A New York Court Decides that a Worker’s Lack of Recall about Elements of His Accident Didn’t Prevent Him from Going to Trial

An ancient Chinese proverb teaches that the “journey of a thousand miles begins with a single step.” In other words, any great destination requires that you first take on, and clear, the first hurdle and take each challenge one at a time to achieve your goal. Your New York construction injury case can be somewhat like that. Certainly, your ultimate goal is to obtain a fair amount of compensation in light of the amount of harm you’ve suffered. To get to that point, you must get past all the preliminary potential pitfalls, including a motion for summary judgment filed by the defense.

If the defense wins its motion for summary judgment, then your case never goes to trial and you recover nothing. Defeat that motion and you have a viable chance of obtaining a fair settlement or judgment. To help in clearing all the necessary hurdles, be sure you have an experienced New York City construction injury attorney on your side.

Sometimes, the defense may try to use your lack of knowledge of certain details related to your case to get summary judgment. Just because you don’t remember everything, however, doesn’t automatically mean you don’t have a case. The lawsuit filed by a construction worker named J.O. is a good example.

Reportedly, J.O. was doing demolition work in Manhattan when he was hurt. He was standing on an 8-foot A-frame ladder and using an electric saw when he fell. As a result of the fall, the worker suffered severe injuries, including a neck fracture.

The worker had a problem with his case, which can happen to many seriously injured construction workers: he didn’t recall all the details of his accident. He was cutting brackets that held an air duct to the ceiling. He remembered cutting the last bracket and feeling the duct fall, but lacked memory of many key details after that, including his actual fall from the ladder.

That can happen in a lot of construction accident scenarios. You may have been struck by an object that inflicted a brain injury with memory loss. Your accident may have caused you to fall and your fall may have included a brain injury with memory loss. Alternately, you may have suffered an accident so traumatic and horrifying that it triggered a psychologically-based memory loss.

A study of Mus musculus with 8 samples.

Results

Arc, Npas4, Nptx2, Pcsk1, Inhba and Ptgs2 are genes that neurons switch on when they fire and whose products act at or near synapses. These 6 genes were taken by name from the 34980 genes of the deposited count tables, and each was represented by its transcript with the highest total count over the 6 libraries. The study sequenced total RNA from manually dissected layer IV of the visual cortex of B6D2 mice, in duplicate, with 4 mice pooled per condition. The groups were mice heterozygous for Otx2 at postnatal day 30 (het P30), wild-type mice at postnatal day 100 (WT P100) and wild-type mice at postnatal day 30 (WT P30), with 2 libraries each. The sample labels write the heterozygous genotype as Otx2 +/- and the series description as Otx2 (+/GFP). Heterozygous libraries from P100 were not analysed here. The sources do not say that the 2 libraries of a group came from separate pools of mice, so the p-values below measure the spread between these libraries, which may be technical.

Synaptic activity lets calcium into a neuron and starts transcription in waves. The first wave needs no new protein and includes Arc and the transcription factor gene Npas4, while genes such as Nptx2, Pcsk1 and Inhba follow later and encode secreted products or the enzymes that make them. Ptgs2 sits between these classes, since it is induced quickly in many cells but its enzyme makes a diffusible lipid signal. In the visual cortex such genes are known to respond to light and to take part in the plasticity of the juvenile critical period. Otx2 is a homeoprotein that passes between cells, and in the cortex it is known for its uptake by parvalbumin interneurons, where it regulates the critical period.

Fortunately, when you’re hurt in this kind of accident, you can still get your day in court, even if you lack some key memories. The law says that, in order for the entities you sued for violating the Labor Law to obtain a summary judgment and get your case thrown out before trial, they must prove to the court that you were given proper protection or that you were the lone cause for the accident.

The defense must have “hard” proof of these things. In J.O.’s case, the defense had an expert who opined that the ladder J.O. used was adequate for the job, but this proof was inadequate because it was “conclusory and unsupported by evidence in the record.” In other words, it was lacking the hard proof and evidentiary value necessary to substantiate that the ladder constituted adequate protection.

Additionally, the defendants’ “sole cause” arguments fell short. Many times, defendants in New York construction accident cases will attempt to argue that the worker was the “sole proximate cause” for an accident when, in reality, their arguments and proof only show that the worker may have been a contributing factor to the accident. Since New York does not allow defendants to use a worker’s alleged contributory negligence to defeat a worker’s claim under these laws, J.O.’s alleged contributory negligence wasn’t enough to prevent him from getting to trial.

Giving yourself the best chance of success in your construction injury case involves many things. One of those is making sure you have the knowledgeable representation you need before, during and after your trial. The experienced New York City construction injury attorneys at Arcia & Associates have been providing our clients with that kind of effective advocacy for many years.

Contact us at (718) 651-4363 to find out how we can help you.